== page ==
V's 5th birthday was a great success. A month before the party, we had been (for some reason I can't recall) talking about the sphinx and pyramids in Egypt. I decided shortly after that to have V's party with an Egyptian theme. We checked out books from the library to keep her interested and found some great museum websites with ancient egyptian games she could play online. I'm not the type to fork out cash to reserve a party room or take a group of kids on an "outing" so we had it at home, and V was allowed to invite 9 people (turned out to be all girls) because we have a 10-person dining room table. One was not able to attend. This was the first real party where we welcomed gifts. Previous years we specified "no gifts please" when we were gathering at a coffee shop or for a play group to celebrate her birthday. Recently I figured that if she didn't receive gifts in a party setting, she wouldn't be able to practice being thankful and gracious. She did a fantastic job and thanked and hugged each girl before moving on to the next gift. She even handwrote her own thank-you notes. I spent most of my prep time finding the right font for the invitations that would look egyptian while still being legible by 4 and 5 year olds, and their parents. Then, for the planned treasure hunt, I needed a simple hieroglyphic font that correlated roughly to the actual heiroglyphic alphabet. I also researched online for appropriate activities that would occupy the two hours I planned for. Because the girls attending are into dressing up in costumes, I bought 10 yards of white broadcloth and made each girl a "kalasiris" or egyptian robe. Also gold rope to tie around their waist, and enough stretchy gold sequin trim to make each girl two "bracelets". I kept the robes simple, and each one took about 20 minutes to sew, even with finishing all seams except the neck hole. I made three on the larger side for the older girls, and one smaller one for the youngest petite girl. Once I made the first one and had a pattern, the rest were cake.
Speaking of cake, I had immediately eliminated the possibility of a Sphinx cake, and settled on a pyramid cake which would be much easier to architect. V wanted something with strawberries, so I found a good strawberry cake recipe and made buttercream frosting with high-quality european butter. I estimated for 5 layers, based on the sizes of pans I had available, with a 9" square bottom layer, decreasing by 1.5" each layer up to a 3" top layer. Using the scraps cut from previous layers, I only needed one 11 x 17 and two 8" square cakes. I intended the frosting to be yellow/tan/sand colored with edible glitter, but I ended up choosing "copper" as my frosting tint. I disliked the color so much (too orange) I used the entire container of coloring and various food colorings to achieve something that was more brown, with edible yellow sparkles. I placed it on a board covered with foil and frosted the foil to look like a desert, complete with blue paper Nile and sushi grass growing along the riverbank, with a bedouin leading two camels across the "sand". One activity was that the girls would color their own neck capes, which they really got into. I only had to buy two packs of highlighters at Staples. After they put those on, we took some pictures (a couple girls, as I had expected, decided they didn't want to wear the kalasiris, or put on a neck cape, or be in a picture, but I think they still had a good time).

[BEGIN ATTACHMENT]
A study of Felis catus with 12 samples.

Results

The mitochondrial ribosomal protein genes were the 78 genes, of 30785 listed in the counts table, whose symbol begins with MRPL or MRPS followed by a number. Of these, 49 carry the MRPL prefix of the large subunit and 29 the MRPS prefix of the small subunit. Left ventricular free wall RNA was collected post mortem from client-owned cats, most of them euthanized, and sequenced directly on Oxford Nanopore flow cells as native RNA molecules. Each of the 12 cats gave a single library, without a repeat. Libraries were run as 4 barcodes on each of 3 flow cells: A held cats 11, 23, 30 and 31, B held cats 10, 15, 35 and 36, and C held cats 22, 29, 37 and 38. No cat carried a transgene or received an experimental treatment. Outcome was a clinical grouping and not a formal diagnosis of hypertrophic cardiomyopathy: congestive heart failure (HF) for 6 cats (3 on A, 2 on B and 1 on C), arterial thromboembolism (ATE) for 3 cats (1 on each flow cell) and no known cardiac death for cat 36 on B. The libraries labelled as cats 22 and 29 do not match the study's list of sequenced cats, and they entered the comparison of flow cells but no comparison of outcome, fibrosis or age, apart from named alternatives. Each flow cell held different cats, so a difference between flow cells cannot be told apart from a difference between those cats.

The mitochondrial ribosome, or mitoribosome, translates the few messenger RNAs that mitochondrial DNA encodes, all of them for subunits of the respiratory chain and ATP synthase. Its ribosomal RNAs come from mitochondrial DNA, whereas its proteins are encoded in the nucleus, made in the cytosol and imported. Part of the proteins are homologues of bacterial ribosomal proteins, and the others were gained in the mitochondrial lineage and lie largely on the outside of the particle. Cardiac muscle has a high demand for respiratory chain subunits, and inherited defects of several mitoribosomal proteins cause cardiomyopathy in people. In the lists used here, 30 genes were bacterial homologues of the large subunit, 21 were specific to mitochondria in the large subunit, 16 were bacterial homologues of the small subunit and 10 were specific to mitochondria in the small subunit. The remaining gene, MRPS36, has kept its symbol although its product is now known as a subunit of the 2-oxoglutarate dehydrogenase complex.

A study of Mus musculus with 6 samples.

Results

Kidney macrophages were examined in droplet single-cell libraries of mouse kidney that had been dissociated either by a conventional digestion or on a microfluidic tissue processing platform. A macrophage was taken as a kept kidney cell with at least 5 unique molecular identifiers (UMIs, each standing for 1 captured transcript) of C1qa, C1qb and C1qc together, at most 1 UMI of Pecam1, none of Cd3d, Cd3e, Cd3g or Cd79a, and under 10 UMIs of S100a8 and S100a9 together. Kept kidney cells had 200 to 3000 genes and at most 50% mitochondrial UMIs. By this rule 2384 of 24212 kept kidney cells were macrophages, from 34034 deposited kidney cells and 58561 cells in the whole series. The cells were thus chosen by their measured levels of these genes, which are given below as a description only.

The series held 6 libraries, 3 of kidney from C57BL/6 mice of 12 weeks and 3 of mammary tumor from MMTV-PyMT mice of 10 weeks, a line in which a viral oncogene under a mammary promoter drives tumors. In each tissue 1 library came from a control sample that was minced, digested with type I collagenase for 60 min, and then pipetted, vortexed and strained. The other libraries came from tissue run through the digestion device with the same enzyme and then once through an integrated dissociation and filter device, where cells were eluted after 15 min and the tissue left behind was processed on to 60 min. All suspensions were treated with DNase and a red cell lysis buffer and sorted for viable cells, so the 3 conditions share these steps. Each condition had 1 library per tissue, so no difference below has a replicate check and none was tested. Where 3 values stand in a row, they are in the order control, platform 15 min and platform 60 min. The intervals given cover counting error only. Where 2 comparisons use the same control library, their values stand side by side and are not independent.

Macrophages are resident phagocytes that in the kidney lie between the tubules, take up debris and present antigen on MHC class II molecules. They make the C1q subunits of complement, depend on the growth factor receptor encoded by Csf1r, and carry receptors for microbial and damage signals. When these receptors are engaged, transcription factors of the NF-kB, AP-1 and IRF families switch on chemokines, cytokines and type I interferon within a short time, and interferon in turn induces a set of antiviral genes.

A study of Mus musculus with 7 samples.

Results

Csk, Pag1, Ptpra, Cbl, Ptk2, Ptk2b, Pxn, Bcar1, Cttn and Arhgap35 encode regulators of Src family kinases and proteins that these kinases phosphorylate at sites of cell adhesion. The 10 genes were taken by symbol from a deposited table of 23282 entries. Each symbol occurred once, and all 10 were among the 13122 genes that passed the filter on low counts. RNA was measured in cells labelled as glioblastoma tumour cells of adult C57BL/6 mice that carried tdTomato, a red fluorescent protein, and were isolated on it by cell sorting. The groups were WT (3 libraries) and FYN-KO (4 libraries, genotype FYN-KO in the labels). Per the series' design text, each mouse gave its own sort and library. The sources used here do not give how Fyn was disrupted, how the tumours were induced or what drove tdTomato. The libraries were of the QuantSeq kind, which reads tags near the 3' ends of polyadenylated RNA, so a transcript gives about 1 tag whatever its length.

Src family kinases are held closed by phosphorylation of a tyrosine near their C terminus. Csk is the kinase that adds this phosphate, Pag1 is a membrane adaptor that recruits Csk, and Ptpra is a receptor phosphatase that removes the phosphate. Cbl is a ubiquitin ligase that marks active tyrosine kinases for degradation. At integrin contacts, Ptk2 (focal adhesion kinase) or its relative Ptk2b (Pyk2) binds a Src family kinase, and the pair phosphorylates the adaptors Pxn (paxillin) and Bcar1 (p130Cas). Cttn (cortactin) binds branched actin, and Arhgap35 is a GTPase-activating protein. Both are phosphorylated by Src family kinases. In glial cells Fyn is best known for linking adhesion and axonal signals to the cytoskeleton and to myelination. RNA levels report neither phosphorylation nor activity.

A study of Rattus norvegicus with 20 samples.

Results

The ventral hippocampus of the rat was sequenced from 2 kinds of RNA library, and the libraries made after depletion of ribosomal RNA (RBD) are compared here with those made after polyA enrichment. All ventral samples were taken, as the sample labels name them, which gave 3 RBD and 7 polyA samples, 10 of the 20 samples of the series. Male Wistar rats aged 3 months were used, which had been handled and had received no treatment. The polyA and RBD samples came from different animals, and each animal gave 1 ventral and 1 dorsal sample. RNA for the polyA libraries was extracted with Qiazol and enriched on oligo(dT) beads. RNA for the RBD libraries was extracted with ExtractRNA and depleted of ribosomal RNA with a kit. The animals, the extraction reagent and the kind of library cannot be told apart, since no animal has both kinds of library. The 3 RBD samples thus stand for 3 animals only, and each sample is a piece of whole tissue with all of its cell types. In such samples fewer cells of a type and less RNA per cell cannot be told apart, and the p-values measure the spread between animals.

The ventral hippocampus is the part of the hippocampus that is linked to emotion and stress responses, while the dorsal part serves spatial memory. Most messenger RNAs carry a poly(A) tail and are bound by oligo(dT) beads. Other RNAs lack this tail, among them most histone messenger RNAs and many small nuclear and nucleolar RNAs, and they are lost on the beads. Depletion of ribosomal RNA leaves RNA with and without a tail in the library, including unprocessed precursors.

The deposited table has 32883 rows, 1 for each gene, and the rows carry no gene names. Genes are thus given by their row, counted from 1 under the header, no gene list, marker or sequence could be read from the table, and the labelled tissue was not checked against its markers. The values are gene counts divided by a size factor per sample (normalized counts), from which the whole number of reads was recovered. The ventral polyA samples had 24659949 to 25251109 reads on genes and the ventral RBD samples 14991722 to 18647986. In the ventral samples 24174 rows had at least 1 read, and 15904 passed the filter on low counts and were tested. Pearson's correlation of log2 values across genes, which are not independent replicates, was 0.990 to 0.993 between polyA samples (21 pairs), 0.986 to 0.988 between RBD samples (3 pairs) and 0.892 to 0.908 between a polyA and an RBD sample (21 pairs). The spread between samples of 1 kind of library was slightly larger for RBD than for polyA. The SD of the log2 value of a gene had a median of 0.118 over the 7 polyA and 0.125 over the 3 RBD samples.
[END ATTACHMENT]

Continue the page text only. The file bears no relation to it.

After that, we played "Pin the Tail on the Camel" which was a game V came up with, because she really wanted to play "Pin the Tail on the Donkey" but we couldn't incorporate that into Ancient Egypt. I drew a pretty cool camel on newsprint using a grid, and V helped me color it. The morning of the party I felt he looked a tad plain, so I added the pyramids in the background and shadows, etc. He's still pinned on the wall like a piece of artwork.
After cake and presents, we did a treasure hunt for the "goody bags". This part I had a difficult time planning, although I had hidden 8 encoded notes around the house, with each one pointing to the next location. Each girl was given a hieroglyphic decoder sheet in a nice big font and we ran around the house finding them all. The main issues were that the girls that knew the alphabet well and could read were the first to decode the message and run to the next location. Eventually the slower girls felt bad because they never found one first. I tried to give everyone equal opportunity by not starting to decode until we were all in a group and everyone could see the clue. Each goody bag consisted of a sheet of egyptian stickers, authentic egyptian paper money, and an egyptian action figure (all purchased on E-bay) with a short description and a heiroglyphic alphabet key.